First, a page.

Tuesday, May 20, 2008
Why are we doing this?
What's the goal of putting this security control in place?
Are there any risks associated?
What is the expected outcome?
Is the way we're deploying this technology, the "best" that we can do? (Without impacting business efficiency of course.)
I know it's simple in nature, but seriously, asking those questions is where the real securitah lies.
Wednesday, February 27, 2008
"I want to get into a security role within IT."
My advice? Know your fundamentals. Know the core of what makes the world go round in systems, software, or networking technology.
Now please, don't start with the "C'mon dude, are you serious?" after reading this list. Let me esplain. No, there is too much, lemme sum up.
- Understand DNS, in and out. It's been around since the beginning of time.
- Understand TCP/IP, TCP flags & communication, and packets (at least at a level that you can use Wireshark or tcpdump.) I'm not talking about decoding packets in hex and chewing gum at the same time.
- Learn how to administer and troubleshoot issues with Windows Server, and pick-your-flavor of UNIX/Linux. Start small. Think performance monitoring, network monitoring, and service monitoring tools for each platform.
- Understand dynamic routing and networking topology protocols. Spanning-tree and BGP can get very deep – at least know how they function, and primary causes for them to not function properly.
- Learn what viruses, Trojans, and rootkits are, at a high level. Know how some of the primary penetration and propagation techniques occur.
There are a lot more. I know. But I'm more and more surprised by how many technology professionals do not understand core fundamentals like DNS. Or how to break down a TCP traffic flow between two hosts.
Let's not forget this fact: you'll become a stronger security professional by being a great systems/software/networking professional first.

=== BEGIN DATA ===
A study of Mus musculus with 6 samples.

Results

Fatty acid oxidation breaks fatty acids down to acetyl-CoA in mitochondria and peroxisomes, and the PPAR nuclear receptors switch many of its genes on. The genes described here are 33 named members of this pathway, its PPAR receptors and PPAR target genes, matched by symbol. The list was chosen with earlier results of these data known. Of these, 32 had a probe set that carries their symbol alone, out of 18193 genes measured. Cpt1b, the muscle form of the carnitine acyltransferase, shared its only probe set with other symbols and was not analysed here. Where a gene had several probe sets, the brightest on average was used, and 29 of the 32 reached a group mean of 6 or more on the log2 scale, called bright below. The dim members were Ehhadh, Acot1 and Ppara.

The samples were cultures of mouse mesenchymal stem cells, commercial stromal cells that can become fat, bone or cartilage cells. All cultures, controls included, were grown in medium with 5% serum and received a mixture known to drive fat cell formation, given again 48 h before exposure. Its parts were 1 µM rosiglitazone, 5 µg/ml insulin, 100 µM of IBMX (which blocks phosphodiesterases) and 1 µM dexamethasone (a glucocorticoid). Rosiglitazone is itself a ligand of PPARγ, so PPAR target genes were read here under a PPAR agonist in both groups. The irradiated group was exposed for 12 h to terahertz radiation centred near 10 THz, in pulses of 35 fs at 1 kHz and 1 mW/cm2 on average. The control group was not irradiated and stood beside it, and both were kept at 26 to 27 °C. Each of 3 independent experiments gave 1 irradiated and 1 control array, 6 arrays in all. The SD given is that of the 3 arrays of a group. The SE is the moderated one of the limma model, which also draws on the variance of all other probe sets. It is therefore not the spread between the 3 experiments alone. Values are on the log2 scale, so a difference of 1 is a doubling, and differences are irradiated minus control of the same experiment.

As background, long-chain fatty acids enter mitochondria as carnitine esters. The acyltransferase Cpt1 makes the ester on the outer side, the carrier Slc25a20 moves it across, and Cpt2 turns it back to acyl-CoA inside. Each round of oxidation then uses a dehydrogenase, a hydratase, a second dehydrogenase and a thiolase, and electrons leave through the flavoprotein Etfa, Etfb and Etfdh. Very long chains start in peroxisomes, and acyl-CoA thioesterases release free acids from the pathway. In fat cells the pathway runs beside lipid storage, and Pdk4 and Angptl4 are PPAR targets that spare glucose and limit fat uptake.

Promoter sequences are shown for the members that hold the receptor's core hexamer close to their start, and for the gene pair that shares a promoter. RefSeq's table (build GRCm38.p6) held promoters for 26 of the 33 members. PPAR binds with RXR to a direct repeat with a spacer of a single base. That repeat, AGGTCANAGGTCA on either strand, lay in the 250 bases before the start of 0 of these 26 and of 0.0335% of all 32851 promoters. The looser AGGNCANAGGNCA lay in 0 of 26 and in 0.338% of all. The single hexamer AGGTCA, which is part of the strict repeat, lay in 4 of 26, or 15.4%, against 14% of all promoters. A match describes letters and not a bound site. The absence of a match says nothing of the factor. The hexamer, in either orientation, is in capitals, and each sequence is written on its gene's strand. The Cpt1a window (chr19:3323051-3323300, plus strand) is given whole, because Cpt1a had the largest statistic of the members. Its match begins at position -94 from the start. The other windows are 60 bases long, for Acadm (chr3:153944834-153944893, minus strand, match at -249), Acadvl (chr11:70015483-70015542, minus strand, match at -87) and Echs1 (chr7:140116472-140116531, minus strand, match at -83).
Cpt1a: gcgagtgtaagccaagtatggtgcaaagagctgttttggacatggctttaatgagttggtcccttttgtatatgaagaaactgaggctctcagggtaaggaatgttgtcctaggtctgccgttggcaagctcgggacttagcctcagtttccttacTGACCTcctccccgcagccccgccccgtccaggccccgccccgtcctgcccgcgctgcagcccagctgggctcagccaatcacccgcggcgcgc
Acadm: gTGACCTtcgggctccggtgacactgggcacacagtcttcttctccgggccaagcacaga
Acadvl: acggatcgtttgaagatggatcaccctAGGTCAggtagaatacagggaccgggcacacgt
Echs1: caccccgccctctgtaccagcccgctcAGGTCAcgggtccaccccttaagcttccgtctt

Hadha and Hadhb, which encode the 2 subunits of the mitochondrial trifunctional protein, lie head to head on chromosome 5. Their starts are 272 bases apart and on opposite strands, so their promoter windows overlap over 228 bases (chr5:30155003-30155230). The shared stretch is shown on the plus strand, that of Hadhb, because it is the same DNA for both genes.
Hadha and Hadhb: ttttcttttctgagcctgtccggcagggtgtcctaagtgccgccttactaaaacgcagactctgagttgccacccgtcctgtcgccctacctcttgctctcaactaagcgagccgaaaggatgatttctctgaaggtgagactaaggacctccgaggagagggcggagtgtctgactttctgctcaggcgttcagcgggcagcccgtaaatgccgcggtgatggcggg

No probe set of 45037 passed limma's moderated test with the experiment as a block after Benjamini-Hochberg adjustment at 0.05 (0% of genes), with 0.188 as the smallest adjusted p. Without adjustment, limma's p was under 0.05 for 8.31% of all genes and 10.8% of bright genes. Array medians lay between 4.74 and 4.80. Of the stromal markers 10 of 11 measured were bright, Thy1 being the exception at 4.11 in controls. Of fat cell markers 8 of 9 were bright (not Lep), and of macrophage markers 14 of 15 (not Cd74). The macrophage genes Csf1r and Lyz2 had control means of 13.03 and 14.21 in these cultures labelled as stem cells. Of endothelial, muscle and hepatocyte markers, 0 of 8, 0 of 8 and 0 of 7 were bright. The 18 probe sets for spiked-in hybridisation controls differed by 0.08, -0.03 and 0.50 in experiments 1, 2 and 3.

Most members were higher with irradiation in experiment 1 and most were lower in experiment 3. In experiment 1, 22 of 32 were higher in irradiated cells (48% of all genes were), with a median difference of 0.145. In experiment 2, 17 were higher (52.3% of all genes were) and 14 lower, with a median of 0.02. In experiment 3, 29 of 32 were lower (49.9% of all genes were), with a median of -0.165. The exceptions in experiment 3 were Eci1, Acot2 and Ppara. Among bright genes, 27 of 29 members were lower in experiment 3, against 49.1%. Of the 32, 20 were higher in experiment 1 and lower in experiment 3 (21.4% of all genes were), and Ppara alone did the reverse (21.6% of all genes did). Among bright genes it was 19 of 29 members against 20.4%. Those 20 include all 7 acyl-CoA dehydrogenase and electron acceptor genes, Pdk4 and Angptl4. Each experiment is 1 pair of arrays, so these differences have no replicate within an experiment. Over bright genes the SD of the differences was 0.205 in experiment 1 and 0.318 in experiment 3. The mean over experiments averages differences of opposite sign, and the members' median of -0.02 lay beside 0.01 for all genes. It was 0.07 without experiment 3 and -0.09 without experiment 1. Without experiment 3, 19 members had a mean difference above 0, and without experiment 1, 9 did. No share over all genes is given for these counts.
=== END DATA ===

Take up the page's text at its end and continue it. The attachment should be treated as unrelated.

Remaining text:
Respect the securitah by knowing and applying your base skills.
Thursday, February 7, 2008
For those that didn't see the diary posting at the Internet Storm Center yesterday/today:
"On February 12, 2008 Microsoft will release the Windows Internet Explorer 7 Installation and Availability update to Windows Server Update Services (WSUS). Windows Internet Explorer 7 Installation and Availability Update is a complete installation package that will upgrade machines running Internet Explorer 6 to Windows Internet Explorer 7. Customers who have configured WSUS to "auto-approve" Update Rollup packages will automatically upgrade machines running Internet Explorer 6 to Windows Internet Explorer 7 after February 12, 2008 and consequently, may want to read Knowledge Base article 946202 to manage how and when this update is installed. For more on the Windows Internet Explorer 7 Installation and Availability Update, read Knowledge Base article 940767."
Moral of the story:
As much as Microsoft wants to extend their QA department into your corporation, don't let them. I'm not a fan of any "auto-updating" service. True, most of the time, everything will work out just peachy, you'll be patched/updated/band-aided/snug-as-a-remedied-software-bug-in-a-rug....BUT....there's always the chance that the new shiny update will PUNCH YOU IN THE FACE.
So, test, test, test.
And if you're screaming at me - "We don't have the money for a test environment!" - there are virtual PC/server options. And they're free. And they work.
I'm pretty sure Matt Neely over at Security Second Thoughts knows a thing or two about virtualization. And believe me, he definitely knows three or four things about mobile commerce...
On another note...I'll be adding a section that shows the security blogs I like reading. I'll keep it limited to 10 - a lot of them tend to repeat what others are saying.